Johnson under fire over role of his adviser on rules for ministers


On Friday, the Prime Minister said he was putting in place an “enhanced process” for his independent adviser on the Ministerial Code, Lord Geidt, to initiate his own investigations, but that he would still need the Prime Minister’s consent before proceeding.

But the chairman of the Committee on Standards in Public Life, Lord Evans of Weardale, said the change, while an improvement on the previous position, meant the adviser was still not “sufficiently independent”.

 Lord Evans of Weardale
Lord Evans said the role of the adviser was still not ‘sufficiently independent’ (David Mirzoeff/PA)

In a statement last week, the Government said the code was being updated, making clear that ministers will not necessarily have to resign for more minor violations.

Instead the Prime Minister will have the option of imposing a lesser sanction such as “some form of public apology, remedial action or removal of ministerial salary for a period”.

Lord Evans, a former director general of MI5, said the move was in line with the committee’s recommendation that it was “disproportionate” to expect  ministers should automatically forfeit their jobs.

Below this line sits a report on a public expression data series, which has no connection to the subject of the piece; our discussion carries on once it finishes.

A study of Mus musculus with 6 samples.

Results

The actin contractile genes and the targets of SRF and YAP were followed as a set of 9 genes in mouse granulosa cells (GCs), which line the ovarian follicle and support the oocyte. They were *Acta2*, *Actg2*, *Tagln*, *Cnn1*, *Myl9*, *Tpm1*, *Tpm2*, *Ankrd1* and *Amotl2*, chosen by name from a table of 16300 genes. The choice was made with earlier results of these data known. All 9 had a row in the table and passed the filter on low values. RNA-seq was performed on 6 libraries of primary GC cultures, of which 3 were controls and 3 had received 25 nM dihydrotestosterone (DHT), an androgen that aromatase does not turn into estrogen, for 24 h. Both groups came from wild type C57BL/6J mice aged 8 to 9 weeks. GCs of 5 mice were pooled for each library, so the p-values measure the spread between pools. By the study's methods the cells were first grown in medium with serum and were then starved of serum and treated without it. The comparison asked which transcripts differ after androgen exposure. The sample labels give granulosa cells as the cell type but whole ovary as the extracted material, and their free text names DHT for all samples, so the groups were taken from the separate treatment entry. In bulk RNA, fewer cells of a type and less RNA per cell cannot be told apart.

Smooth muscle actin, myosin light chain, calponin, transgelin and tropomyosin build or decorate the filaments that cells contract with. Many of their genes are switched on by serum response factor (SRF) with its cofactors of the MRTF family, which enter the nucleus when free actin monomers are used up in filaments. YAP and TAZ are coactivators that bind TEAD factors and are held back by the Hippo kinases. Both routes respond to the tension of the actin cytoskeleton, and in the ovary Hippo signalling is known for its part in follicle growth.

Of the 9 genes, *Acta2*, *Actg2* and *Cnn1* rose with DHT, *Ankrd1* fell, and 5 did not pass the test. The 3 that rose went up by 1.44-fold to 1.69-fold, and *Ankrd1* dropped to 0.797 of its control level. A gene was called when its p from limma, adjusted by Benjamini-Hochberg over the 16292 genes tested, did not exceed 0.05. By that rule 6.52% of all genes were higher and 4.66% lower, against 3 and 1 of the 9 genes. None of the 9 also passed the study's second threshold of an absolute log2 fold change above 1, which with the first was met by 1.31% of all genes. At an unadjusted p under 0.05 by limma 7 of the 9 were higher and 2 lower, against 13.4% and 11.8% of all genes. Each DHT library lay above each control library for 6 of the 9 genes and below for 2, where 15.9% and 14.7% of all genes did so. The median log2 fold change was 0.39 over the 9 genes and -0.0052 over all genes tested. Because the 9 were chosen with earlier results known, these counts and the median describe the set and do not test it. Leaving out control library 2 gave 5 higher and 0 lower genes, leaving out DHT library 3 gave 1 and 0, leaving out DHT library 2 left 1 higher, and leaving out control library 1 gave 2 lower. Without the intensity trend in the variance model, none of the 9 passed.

However, in a letter to Cabinet Office Minister Lord True, he said the change effectively removed the objection to the adviser being able to launch his own inquiries.

Lord Geidt
The Prime Minister’s independent adviser on the Ministerial Code, Lord Geidt (Dominic Lipinski/PA)

“Past governments of both parties resisted granting the adviser the power to initiate investigations independently, due to the presumption of resignation, as this would have given the independent adviser the effective power to fire a minister – a power that only the Prime Minister should have,” he said.

“The introduction of a range of sanctions, with the appropriate sanction decided solely by the Prime Minister, removes this constitutional obstacle.

“We continue to be of the view that a system where the independent adviser requires the Prime Minister’s permission to launch an investigation is not sufficiently independent.

“Similarly, current arrangements retain the risk that, irrespective of sanction, the Prime Minister can directly overrule the adviser on the finding of a breach, circumstances that would critically undermine the credibility of the adviser’s office.”

Lord Geidt’s predecessor, Sir Alex Allan, resigned in 2020 after Mr Johnson rejected his finding that Home Secretary Priti Patel had been guilty of bullying civil servants.